UNITED NATIONS (AP) — September was the deadliest month for civilians in war-torn Yemen this year but violence has lessened very recently and there are signs of hope, U.N. officials said Thursday.
U.N. envoy Martin Griffiths cautioned in a briefing to the Security Council, however, that the hopeful signs “are fragile.”
He pointed to the very recent reduction of violence in Yemen’s mainly rebel-controlled north, the “volatile” situation in southern Yemen “but with a tenuous calm” in its main city Aden, and “a growing generosity of spirit between the parties,” including the freeing of some detainees and prisoners and desperately needed oil ships being allowed into the main port of Hodeida.
“These are small signs perhaps in a frightening season but something for us to nurture,” Griffiths said by video from the Saudi capital Riyadh.
U.N. humanitarian chief Mark Lowcock told the council that “September was the deadliest month for civilians so far this year, with reports of 388 killed or injured due to conflict across the country.”
“That’s an average of 13 people every day,” he said.
Lowcock cited some of many “gruesome examples” including four children killed in the detonation of unexploded ordnance, air strikes killing 22 civilians in a mosque and family home, and the fourth airstrike on a U.N.-supported water system serving 12,000 people.
The conflict in Yemen began with the 2014 takeover of the capital, Sanaa, by Iran-backed Houthi Shiite rebels who control much of the country’s north. A Saudi-led coalition allied with Yemen’s internationally recognized government has been fighting the Houthis since 2015.
The fighting in the Arab world’s poorest country has killed thousands of civilians and created the world’s worst humanitarian crisis, leaving millions suffering from food and medical care shortages and pushing the country to the brink of famine.
Lowcock told the council that Yemen remains “the world’s worst humanitarian crisis and the largest relief operation,” with more than 250 relief agencies, mostly Yemeni, working with the U.N. and reaching 12 million people across the country every month.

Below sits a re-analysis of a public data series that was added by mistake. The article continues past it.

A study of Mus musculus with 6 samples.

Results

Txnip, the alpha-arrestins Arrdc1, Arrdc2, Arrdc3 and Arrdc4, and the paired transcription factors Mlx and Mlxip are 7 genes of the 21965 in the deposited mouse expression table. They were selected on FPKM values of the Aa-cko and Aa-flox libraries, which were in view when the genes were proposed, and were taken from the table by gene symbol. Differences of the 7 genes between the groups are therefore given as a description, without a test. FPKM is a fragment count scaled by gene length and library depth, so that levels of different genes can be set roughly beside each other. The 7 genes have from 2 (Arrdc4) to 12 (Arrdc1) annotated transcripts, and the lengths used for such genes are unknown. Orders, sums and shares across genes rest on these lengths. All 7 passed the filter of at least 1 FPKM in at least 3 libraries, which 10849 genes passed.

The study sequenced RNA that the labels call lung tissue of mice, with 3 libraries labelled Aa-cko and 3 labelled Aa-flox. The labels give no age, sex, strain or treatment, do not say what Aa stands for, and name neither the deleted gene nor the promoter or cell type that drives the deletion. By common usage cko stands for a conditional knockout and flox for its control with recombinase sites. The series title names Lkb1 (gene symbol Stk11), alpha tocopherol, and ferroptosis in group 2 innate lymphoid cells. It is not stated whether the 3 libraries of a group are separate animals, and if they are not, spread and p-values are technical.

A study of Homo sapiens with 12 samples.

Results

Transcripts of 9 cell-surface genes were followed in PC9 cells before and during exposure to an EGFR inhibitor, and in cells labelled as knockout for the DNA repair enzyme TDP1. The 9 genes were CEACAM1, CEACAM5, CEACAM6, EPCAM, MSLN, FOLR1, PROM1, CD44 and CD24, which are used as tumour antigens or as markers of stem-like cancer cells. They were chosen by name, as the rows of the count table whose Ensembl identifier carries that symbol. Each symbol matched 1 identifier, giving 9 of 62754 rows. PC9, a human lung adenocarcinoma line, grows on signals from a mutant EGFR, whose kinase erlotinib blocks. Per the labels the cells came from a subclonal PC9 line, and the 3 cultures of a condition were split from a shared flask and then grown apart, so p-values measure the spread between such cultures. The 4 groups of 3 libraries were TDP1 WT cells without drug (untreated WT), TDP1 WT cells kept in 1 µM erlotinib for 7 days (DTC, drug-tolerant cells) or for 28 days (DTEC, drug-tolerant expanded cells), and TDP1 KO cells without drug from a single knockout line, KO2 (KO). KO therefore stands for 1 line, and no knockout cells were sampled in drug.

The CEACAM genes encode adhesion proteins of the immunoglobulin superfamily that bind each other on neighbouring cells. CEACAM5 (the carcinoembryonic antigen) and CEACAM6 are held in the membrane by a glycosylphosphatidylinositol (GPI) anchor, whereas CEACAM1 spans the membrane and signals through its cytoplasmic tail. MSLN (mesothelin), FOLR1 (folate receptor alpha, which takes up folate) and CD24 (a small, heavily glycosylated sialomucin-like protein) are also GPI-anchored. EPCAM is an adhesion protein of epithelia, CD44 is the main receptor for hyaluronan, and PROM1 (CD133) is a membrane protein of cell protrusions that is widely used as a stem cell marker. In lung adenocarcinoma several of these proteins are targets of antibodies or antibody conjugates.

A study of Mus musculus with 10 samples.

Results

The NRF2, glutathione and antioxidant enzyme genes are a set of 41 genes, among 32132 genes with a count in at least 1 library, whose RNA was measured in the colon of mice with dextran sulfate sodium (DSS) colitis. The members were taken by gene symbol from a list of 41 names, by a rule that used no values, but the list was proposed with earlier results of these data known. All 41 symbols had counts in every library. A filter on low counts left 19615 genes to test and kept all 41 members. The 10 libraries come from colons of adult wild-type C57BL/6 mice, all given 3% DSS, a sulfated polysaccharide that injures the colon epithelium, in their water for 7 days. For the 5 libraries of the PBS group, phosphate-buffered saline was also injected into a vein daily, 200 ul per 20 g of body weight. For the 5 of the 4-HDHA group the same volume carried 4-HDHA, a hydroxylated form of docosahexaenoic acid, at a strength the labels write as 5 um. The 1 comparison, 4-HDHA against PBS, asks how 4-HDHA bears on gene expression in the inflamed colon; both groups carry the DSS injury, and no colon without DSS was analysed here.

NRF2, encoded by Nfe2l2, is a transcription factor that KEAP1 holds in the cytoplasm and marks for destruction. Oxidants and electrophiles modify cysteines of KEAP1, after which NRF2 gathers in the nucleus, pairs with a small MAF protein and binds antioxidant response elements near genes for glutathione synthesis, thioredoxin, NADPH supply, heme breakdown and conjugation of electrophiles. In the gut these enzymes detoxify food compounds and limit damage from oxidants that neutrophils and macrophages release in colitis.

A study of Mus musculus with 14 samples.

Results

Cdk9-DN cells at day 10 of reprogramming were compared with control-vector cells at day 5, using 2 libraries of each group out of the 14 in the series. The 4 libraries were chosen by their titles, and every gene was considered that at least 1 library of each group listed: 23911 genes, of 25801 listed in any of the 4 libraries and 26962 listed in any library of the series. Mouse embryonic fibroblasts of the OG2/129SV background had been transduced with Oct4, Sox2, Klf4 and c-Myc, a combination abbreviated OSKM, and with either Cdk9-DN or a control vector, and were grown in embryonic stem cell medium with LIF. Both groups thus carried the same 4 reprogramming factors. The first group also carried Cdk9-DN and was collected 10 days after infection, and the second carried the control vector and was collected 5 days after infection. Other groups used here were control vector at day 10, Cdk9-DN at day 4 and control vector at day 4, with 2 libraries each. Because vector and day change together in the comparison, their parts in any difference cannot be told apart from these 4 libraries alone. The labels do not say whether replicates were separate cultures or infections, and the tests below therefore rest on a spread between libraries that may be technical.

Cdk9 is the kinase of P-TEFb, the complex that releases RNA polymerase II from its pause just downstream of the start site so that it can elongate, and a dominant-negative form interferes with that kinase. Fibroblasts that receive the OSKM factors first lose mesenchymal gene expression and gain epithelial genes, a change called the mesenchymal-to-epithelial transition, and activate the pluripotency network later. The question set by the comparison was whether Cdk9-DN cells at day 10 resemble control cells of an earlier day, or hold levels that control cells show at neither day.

While the situation on violence “is a bit better,” he said, there are still “more than 30 active front lines” and “we can only hope that recent steps towards de-escalation … will continue.”
U.N. envoy Griffiths said that in the south, which saw a violent attempt to take over government institutions in August, “there has been no large-scale fighting in the areas of dispute.”
He told the council he had hoped an agreement could have been announced Thursday resolving issues between the internationally recognized government and separatists that would end the power struggle in Aden.
Talks in Jeddah, Saudi Arabia have made “very significant progress,” Griffiths said, and an agreement “may be well within reach.”
He welcomed last month’s initiative by the Houthis to suspend all drones and ballistic missile attack on Saudi Arabia, “and I also welcome the reduction of violence that followed that announcement.”
“Since the beginning of October, the number of airstrikes has reduced considerably across Yemen,” Griffiths said. “And I am obviously encouraged by that. This is, however, a very recent and obviously a very fragile gain, but it’s certainly a step in the right direction.”
Griffiths’ goal remains to get representatives from the government, the Houthis, and the south around the same table to negotiate an end to the war and a political deal that unites the country — but that still remains a distant goal.